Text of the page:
Sandhurst Registers online

New College, Royal Military Academy Sandhurst

Sandhurst (Image via Wikipedia)

Earlier today I randomly stumbled on the Sandhurst Collection website, where you can download entries from the Royal Military Academy‘s registers. The database is searchable online, and a scan of each entry can be downloaded for a small fee.

The entries do not contain anything too juicy, but all the same they tell you when an officer cadet was there, their basic personal information, and useful information such as their father’s occupation. Although it doesn’t seem like much, used alongside registration records, census returns and subsequent Army lists it helps you pin down the early years of an officer’s career.

The entry’s wont include wartime emergency commission officers, sadly, as Sandhurst closed in 1939 for the duration of the war. Many pre-war and post-war officers can be found, however, including Winston Churchill, Bernard Montgomery, Alan Brooke, Frederick Browning and Roy Urquhart. Closer to home I have also found the entry for Major Robert Easton MBE DSO, from Portsmouth.


Filed under Army, Family History, Uncategorized, World War One, World War Two

11 responses to “Sandhurst Registers online

  1. Pingback: Tweets that mention Sandhurst Registers online « Daly History Blog -- Topsy.com

  2. x

    I hadn’t heard of this place before. So what is it like? Dartmouth without boats or a more dirty version of Cranwell? ;)

  3. James Daly

    I hear its a good place to learn important skills such as which knife or fork to use in which order. And on the passing out parade you can watch the Adjutant ride a white horse up the stairs and into the buildings.

  4. x

    Ahhh! Mess etiquette. One year I invited my old boss to a Trafalgar Day dinner. All week I prepped him about which way to pass the port. Sliding and not lifting the bottle. Not standing to toast Her Majesty. And about staying seated until the Pres’ “eased springs” or risk a fine. Being cruel I built it up daily so by Saturday evening he was babbling wreck…….

    More seriously I hope you find the site a useful resource. The web’ is blessing for this sort of research. Now I didn’t know Sandhurst closed during the war? The RNVR offices were trained at King Alfred. So what did the Army do?

  5. James Daly

    I believe there were officer training units dotted around the country, running short courses for chaps who had ‘officer-like qualities’, and other ranks who had been identified as potential officers. If you have a look at http://www.unithistories.com, they have a database of every officer who took part in Market Garden, and there are pre-war regulars, territorials activated mobilised in September 1939, hostilities only emergency commissions, and men commissioned from the ranks. David French’s very good ‘raising Churchill’s Army’ has a section on how the Army selected and trained its wartime officers.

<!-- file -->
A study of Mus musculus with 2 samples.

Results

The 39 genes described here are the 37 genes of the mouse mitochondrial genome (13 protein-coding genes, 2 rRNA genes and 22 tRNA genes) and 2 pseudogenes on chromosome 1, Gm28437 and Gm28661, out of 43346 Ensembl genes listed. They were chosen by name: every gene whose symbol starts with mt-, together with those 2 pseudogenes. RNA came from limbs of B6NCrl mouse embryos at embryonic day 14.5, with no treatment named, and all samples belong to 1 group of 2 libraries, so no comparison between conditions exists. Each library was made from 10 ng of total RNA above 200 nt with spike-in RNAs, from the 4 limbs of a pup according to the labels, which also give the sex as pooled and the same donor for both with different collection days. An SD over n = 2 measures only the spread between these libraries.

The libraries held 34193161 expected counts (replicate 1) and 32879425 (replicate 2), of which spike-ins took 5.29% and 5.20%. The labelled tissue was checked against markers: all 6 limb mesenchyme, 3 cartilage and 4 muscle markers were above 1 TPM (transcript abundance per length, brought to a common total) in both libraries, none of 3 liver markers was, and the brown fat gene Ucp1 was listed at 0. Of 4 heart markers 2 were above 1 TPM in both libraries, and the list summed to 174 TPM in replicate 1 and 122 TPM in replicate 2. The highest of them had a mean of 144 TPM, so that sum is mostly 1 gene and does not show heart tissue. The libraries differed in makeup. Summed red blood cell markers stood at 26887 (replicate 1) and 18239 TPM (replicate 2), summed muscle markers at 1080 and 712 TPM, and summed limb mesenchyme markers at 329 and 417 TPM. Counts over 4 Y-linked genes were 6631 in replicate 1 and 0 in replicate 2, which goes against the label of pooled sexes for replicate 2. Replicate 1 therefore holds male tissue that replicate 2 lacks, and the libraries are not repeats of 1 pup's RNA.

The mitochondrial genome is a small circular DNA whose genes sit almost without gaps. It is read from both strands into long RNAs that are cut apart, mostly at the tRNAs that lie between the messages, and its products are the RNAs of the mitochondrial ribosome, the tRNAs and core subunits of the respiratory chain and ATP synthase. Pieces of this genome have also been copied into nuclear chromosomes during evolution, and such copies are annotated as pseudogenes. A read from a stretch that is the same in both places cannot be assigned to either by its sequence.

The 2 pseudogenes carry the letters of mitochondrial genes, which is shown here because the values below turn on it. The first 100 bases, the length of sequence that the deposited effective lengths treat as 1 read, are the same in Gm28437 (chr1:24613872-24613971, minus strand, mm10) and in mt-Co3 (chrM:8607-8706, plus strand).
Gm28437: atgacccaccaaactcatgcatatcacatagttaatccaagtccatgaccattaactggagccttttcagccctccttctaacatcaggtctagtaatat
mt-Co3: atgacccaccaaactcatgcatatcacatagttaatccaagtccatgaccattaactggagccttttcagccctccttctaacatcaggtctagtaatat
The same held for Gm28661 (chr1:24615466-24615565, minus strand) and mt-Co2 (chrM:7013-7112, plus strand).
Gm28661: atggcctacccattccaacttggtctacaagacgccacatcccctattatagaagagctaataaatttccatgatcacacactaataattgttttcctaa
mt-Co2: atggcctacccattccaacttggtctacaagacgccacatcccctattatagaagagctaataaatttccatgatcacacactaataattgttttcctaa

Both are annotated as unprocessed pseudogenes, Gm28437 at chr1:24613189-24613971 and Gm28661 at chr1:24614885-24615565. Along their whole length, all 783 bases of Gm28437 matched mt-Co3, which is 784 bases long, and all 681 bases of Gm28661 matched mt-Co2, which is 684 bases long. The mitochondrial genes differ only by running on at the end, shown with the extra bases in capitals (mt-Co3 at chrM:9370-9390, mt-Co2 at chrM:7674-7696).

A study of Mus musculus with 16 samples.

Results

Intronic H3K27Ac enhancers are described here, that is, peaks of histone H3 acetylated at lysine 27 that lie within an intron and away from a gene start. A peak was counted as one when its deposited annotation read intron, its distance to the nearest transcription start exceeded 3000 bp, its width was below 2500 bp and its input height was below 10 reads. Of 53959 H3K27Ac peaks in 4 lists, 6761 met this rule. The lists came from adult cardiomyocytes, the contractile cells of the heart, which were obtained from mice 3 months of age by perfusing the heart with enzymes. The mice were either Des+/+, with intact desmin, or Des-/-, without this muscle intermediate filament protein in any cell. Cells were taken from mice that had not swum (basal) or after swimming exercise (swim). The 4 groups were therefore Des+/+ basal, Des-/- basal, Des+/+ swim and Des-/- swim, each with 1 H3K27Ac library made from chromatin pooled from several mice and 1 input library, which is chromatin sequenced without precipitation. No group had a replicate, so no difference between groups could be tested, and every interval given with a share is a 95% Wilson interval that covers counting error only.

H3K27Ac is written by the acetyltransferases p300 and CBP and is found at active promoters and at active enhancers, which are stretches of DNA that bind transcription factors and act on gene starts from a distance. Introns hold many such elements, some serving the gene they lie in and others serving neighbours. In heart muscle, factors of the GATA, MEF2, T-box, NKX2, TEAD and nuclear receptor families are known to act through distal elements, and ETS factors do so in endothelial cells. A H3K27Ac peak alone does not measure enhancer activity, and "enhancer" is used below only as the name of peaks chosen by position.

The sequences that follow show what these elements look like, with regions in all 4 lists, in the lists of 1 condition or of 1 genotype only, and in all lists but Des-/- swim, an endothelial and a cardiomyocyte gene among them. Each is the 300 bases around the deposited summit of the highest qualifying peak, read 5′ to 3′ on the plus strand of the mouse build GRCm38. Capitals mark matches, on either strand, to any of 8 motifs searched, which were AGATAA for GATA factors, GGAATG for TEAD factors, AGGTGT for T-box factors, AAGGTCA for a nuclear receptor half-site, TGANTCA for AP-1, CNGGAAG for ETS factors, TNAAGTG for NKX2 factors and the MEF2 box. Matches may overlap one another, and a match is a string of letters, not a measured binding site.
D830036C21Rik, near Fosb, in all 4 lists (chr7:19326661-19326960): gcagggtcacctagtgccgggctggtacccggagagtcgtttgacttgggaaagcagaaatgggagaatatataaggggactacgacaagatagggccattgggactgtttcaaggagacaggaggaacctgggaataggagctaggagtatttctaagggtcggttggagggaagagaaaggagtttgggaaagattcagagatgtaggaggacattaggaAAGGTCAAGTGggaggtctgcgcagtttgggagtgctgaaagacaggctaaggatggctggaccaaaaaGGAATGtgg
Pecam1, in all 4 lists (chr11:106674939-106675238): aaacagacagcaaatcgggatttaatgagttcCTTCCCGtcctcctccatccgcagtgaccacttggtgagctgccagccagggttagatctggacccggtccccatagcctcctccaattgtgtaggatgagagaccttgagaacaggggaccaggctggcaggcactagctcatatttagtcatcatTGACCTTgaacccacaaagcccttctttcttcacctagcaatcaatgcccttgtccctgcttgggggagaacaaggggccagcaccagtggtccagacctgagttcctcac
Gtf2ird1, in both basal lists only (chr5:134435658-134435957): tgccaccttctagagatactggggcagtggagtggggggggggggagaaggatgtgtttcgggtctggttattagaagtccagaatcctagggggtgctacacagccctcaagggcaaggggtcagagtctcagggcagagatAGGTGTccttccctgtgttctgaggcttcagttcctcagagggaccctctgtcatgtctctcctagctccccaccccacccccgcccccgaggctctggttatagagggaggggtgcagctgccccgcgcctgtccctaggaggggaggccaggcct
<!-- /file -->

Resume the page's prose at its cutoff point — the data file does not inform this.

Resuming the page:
6. x

    Oily Qs………….

    That is something the man in the street does always appreciate about WW2, that very few of the soldiers saw active service all the way through. Large numbers of fresh blood (poor choice of words there) were trained for each successive campaign. While some would “sit out” waiting for the next show.

    On a tangent I remember reading somewhere an explanation of all those wartime accidental meet ups where brothers or friends would find themselves at the same point on the globe weren’t as random as first seemed. Basically the chap worked out the odds of the number of possible locations, number of units, and somehow factored in ages too. The next history I read where X met Y at point Z after not seeing him since him the start of the war lost all its magic.

  7. James Daly

    Exactly right x re units for campaigns. Hence why it was such an oddity for the 7th Armoured, 50th and 51st Divisions to be brought back to the UK from the Med for Overlord. Quite a few different divisions were formed, disbanded, re-activated etc during the war as various campaigns faltered, ended and started. As well as units in an organisational sense, once men had fought in a particular campaign it was quite hard to take them out, rest them and re-fight them – the men from North Africa and Italy who came to NW Europe felt that they had ‘done their bit’ and that it was someone elses turn.

  8. x

    Again it shows how total total war was, that even at time when there lots of transport available it was still difficult to move formations from place to place due to a lack of capacity. Then again this is mirrored in the Atlantic Campaign where “we” needed everything we could get and figures of just 1 in 10 convoys being attacked was serious.

  9. What’s up, all is going nicely here and ofcourse every one is sharing data, that’s really
    excellent, keep up writing.

  10. She also doesn’t get any sanctuary at home from her very strict and domineering mother.

    Love the show and love the fashion tips, but I need to learn how to look amazing on the Wal Mart budget.